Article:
Published: Sat, February 10, 2018
Markets | By Erika Turner

Dow Jones Plummets Again On Worries About Inflation

Dow Jones Plummets Again On Worries About Inflation

Facebook and Boeing have both fallen sharply.

A hint of rising inflation and interest rates last week was all it took to set off a cascade of investor angst. Major economies around the world are growing in tandem for the first time since the Great Recession and corporate profits are on the rise.

The economy is strong, but investors are anxious about inflation, and the possibility that the Federal Reserve will raise interest rates faster than expected to fight it.

Investors fear the rapid rise in Treasury yields this year could signal inflation and faster rate hikes from the Federal Reserve.

The Dow Jones industrial average lost 1,032.89 points, or 4.1 percent, to 23,860.46.

By 5:40 a.m., Dow e-minis were down 32 points, or 0.13 percent, S&P 500 e-minis were up 3 points, or 0.12 percent, and Nasdaq 100 e-minis were up just 9.5 points, or 0.15 percent.

On Wall Street, futures for the Dow and the Standard & Poor's 500 were down 0.1 percent and up 0.2 percent, respectively, though the actual market open does not always follow the futures closely in times of volatility.

The bank said it will be some time before Australia's unemployment rate drops to what it considers full employment and also before the limp inflation rate - now at 1.9 per cent - reaches the midpoint of its preferred two to three percent target band.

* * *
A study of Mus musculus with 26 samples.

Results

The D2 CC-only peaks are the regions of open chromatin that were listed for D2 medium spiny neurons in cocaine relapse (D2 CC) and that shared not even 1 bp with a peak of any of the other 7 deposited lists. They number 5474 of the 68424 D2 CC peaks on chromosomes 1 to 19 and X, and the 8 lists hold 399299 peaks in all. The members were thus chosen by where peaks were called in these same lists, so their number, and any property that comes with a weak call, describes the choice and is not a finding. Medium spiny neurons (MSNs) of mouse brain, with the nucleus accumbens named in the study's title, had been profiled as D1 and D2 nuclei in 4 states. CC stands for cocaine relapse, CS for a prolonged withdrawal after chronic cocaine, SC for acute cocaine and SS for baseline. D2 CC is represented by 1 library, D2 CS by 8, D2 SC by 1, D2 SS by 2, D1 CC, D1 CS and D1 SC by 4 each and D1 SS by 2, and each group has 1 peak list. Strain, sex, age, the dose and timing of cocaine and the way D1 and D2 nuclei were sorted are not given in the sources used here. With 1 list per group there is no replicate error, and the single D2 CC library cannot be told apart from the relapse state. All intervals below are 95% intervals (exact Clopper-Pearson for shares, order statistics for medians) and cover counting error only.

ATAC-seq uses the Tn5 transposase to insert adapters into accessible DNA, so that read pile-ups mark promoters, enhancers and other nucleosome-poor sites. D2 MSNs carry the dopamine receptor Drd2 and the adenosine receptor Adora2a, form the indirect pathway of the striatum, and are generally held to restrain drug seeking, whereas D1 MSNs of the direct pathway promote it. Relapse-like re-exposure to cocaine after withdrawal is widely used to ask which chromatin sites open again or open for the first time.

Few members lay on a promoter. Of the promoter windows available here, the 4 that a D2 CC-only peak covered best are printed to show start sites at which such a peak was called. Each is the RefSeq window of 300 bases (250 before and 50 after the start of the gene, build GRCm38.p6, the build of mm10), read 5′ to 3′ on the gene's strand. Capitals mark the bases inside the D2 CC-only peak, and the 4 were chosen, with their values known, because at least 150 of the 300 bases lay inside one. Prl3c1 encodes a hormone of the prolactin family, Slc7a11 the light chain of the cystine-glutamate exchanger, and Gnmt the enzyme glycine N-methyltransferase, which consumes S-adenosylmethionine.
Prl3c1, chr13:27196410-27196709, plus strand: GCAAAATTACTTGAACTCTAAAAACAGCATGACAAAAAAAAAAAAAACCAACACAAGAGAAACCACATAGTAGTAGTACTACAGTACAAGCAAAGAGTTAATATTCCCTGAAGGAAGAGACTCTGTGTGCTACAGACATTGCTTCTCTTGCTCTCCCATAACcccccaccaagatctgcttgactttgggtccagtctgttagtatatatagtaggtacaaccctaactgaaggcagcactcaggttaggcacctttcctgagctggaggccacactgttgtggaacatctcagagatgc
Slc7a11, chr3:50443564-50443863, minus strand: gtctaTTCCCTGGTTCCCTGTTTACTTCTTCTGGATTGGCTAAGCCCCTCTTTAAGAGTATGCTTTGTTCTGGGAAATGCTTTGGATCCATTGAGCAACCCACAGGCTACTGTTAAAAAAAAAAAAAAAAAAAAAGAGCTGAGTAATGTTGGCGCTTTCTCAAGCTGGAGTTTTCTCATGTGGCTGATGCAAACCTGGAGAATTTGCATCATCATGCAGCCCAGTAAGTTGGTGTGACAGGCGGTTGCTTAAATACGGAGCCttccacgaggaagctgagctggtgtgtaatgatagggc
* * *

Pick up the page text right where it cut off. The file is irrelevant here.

Traders are still braced for more volatility as they try to figure out if the swings over the past few days are the start of a deeper correction or just a temporary blip in the United States market's nine-year bull run.


The VIX, a measure of market volatility, jumped 15% on Thursday. He said investors are now selling because they are afraid of bigger losses if they stand pat.

The drop comes on the heels of a similar plunge Monday that erased the stock market's gains for the year. "It can take two to three weeks to work through the system".

Benchmark U.S. crude oil lost 64 cents, or 1 percent, to $61.15 a barrel in NY. It fell 64 cents the previous session to $61.15. The April gold bullion contract was up US$4.40 to US$1,319.00 an ounce. The Nasdaq also fell by nearly 4%. The euro held steady at $1.2248.

"The strong headlines job numbers and strong wage growth that we saw last Friday have really seen investors anxious about the threat of higher inflation and the prospect of higher interest rates in the USA", said Candice Bangsund, a vice-president and portfolio manager at Fiera Capital in Montreal. That also sent the pound higher.

The stock has a market cap of $2.68B and the number of outstanding shares has been calculated 79.16M.

COMPANIES: Walmart was the biggest decliner in the 30-company Dow, sliding $2.43, or 2.4%, to $97.59.

Bond yields in the U.S. have also risen in recent weeks, typically a signal of higher rates. "The thing to watch is if we see the 10-year Treasury yield move, it will cause more pain in the stock market". The index has, however, experienced larger percentage declines in its history. Tokyo's Nikkei 225 lost 2.3 percent and Hong Kong's Hang Seng gave up 3.1 percent.